Salt Tasting Room, Gastown, Vancouver

By now, Gastown’s Salt Tasting Room should be on everyone’s cured meat and cheese radar. The 50-seat restaurant showcases a fine selection of artisan cheese, local charcuterie, BC/international wines as well as beer, cider and spirits.

Open for a ‘whopping’ nine years (a great achievement given the amount of restaurants that come and go in Vancouver), Salt Tasting Room is located in the heart of Gastown behind bustling Water Street, tucked away in the middle of Blood Alley.

Salt Tasting Room interior 2

The interior is a mix of red brick walls, stone flooring, steel high chairs and a long table flanked by a row of suspended tube lights. Chalk boards both up front and in back list the current menu offerings.

Salt Tasting Room interior

We’re here for their newest seasonal tasting menu: The Italian Gas Station Experiment, a month-long collaboration with Port Moody-based Urbani Foods.

Salt Tasting Room Italian snacks
[L to R: Tomato ragu risotto balls with pesto mayo; Crostini, sous vide sausage, Medjool dates]

On the menu? Tramezzini (Venetian tea sandwiches), salami plates and Polpette de Riso (scrumptious risotto balls). There are three selections of each on offer. Sadly, the kale and quinoa risotto balls are sold out on the day of our visit, but we indulge in the tomato ragu and mozzarella-filled variants alongside flights of BC wine.

I choose one flight, we let the Salt team choose the other for my husband. Before long, we’re each brought three wines with a handwritten placemat underneath.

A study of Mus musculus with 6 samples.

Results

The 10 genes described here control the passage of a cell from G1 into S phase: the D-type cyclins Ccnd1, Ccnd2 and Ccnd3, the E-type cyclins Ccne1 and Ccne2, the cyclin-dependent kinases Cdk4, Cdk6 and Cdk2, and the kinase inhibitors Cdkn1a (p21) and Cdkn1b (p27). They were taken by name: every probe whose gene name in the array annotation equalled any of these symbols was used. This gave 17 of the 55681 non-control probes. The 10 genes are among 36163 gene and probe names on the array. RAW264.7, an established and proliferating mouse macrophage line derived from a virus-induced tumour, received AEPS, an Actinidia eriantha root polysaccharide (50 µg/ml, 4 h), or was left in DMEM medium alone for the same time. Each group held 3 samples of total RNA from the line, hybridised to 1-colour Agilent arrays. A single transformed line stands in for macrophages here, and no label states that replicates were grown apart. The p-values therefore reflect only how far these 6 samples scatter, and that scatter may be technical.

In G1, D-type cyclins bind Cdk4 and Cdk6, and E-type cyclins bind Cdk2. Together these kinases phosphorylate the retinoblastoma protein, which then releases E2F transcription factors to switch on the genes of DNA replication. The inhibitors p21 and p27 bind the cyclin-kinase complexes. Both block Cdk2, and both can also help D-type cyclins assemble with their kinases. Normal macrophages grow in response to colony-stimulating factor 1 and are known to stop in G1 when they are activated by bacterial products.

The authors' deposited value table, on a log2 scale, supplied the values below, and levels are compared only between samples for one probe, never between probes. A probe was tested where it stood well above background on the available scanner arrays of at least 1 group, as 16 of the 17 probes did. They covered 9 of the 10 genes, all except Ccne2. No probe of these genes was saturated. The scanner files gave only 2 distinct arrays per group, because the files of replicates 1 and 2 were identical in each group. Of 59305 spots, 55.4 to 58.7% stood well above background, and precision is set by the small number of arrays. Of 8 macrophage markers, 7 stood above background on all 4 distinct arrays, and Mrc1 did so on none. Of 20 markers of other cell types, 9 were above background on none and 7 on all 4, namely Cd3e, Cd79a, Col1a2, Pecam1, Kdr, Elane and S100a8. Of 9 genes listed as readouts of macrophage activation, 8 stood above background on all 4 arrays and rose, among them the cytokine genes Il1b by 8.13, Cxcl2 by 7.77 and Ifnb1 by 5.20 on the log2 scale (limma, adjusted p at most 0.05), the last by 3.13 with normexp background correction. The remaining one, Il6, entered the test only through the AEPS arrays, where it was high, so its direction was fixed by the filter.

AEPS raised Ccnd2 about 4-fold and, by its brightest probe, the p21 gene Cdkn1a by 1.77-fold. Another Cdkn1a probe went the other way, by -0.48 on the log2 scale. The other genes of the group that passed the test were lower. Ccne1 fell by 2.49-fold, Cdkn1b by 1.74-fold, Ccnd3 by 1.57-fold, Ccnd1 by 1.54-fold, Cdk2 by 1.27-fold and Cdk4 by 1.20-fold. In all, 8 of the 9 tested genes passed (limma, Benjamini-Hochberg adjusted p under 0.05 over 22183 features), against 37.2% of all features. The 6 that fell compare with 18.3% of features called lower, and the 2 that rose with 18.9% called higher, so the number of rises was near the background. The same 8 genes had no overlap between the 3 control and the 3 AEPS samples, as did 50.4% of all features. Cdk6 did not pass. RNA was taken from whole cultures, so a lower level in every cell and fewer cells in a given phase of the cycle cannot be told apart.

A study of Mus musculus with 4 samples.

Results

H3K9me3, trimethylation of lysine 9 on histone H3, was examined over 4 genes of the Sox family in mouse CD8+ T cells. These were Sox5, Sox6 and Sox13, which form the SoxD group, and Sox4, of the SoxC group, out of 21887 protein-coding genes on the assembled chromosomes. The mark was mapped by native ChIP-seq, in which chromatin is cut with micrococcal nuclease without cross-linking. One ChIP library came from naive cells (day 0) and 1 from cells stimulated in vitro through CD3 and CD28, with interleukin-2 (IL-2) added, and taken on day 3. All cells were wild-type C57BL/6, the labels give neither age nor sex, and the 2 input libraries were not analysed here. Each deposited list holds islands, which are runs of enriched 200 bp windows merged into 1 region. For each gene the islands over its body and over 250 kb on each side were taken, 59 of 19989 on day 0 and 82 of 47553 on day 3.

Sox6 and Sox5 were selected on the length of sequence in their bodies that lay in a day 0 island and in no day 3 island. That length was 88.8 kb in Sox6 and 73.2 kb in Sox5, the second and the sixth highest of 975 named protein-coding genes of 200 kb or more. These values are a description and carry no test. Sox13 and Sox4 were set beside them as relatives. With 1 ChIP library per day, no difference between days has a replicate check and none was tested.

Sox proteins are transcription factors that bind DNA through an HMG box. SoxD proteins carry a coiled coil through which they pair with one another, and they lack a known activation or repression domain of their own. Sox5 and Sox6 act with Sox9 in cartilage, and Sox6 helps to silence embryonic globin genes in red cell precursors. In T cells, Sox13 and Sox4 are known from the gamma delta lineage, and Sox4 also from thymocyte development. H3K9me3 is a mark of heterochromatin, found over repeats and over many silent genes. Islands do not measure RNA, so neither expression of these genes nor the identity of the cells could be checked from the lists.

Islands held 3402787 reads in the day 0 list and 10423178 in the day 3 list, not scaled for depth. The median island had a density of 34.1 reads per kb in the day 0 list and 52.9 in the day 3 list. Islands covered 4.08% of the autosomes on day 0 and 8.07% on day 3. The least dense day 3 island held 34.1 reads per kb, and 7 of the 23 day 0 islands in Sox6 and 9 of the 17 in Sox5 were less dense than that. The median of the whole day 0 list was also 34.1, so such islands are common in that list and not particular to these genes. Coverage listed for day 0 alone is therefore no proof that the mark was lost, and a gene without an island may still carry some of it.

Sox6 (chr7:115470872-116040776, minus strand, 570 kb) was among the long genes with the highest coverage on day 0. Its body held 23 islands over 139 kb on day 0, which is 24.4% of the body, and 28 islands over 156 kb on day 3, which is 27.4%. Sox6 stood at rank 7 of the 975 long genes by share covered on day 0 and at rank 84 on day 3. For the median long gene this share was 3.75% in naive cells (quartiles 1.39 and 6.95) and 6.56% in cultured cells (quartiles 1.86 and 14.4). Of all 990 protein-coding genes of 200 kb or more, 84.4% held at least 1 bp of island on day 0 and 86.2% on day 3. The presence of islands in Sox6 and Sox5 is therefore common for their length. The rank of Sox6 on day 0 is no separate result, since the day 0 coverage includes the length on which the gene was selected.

Salt Tasting Room wine flight

One flight contains Anarchist Mountain ‘Elevation’ Chardonnay (Osoyoos), Averill Creek Pinot Noir (Cowichan Valley) and Tightrope ‘Vertigo’ Merlot, Cabernet Franc, Barbera blend (Naramata).

The other trio includes Covert Farms’ ‘Amicitia’ white blend (Oliver), Seven Directions first-release Pinot Noir/Rosé (Okanagan Valley) and Ex Nihilo Merlot (also Okanagan Valley).

For each glass of beer or wine, you get one item off the Italian snacks ‘gas station’ menu. Order a flight and get two items, a bottle of wine, four items (bottles are priced from $50 to $100).

Wine flights cost $15 each and include three x two-ounce tastings, enough to gain an appreciation for a new wine or enjoy the mix-and-match experience of tasty small plates paired with BC and international wines.

Salt Tasting Room 33 Acres sampling

As for craft beer lovers? Four beers from 33 Acres — can’t go wrong with any of them. Appropriately, Russell Brewing’s Blood Alley Bitter is available. Internationally, there’s currently two: Portland’s gluten-free Omission Pale Ale and Estrella Damm ‘Inedit’ Witbier, all by the bottle.

33 Acres of Life is a lightly-hopped reddish amber with a lovely caramel flavour while the 33 Acres of Darkness is a refreshing and malty German style beer with hints of chocolate and coffee.

Our favourite pairings? We’d go back for Cowichan Valley’s Averill Creek Pinot Noir with some more of those lovely tomato ragu risotto balls as well as the Anarchist Mountain Chardonnay to go with the fig & toscano salami. The soft Quebec brie, tangy green apple, olive oil and smoked sea salt of this Italian tramezzino combines nicely with the oakiness of the chardonnay.

Billed as ‘Not your average gas station fare’, Urbani Foods makes happy hour a decidedly merry Italian affair. Get it while you can.

Salt Tasting Room, Gastown, Vancouver

The Italian Gas Station Experiment is offered Mondays through Sundays from 4 to 6 pm. Find Salt Tasting Room at 45 Blood Alley in Vancouver. They’re open daily from 4 pm to late.

About Urbani Foods

Third-generation, family-owned Urbani Foods started as a retail store in East Vancouver, introducing craft-dried salami, fresh sausages and risotto balls (arancini) favoured by both locals and the immigrant community. Those amazing risotto balls are prepared using a recipe that’s been passed down through the generations since 1867. Salt is offering a box to take home for your freezer at the bargain wholesale price of $5!

Unwatermarked photos courtesy of Salt Tasting Room.

No Comments

No comments yet.

RSS feed for comments on this post.

Sorry, the comment form is closed at this time.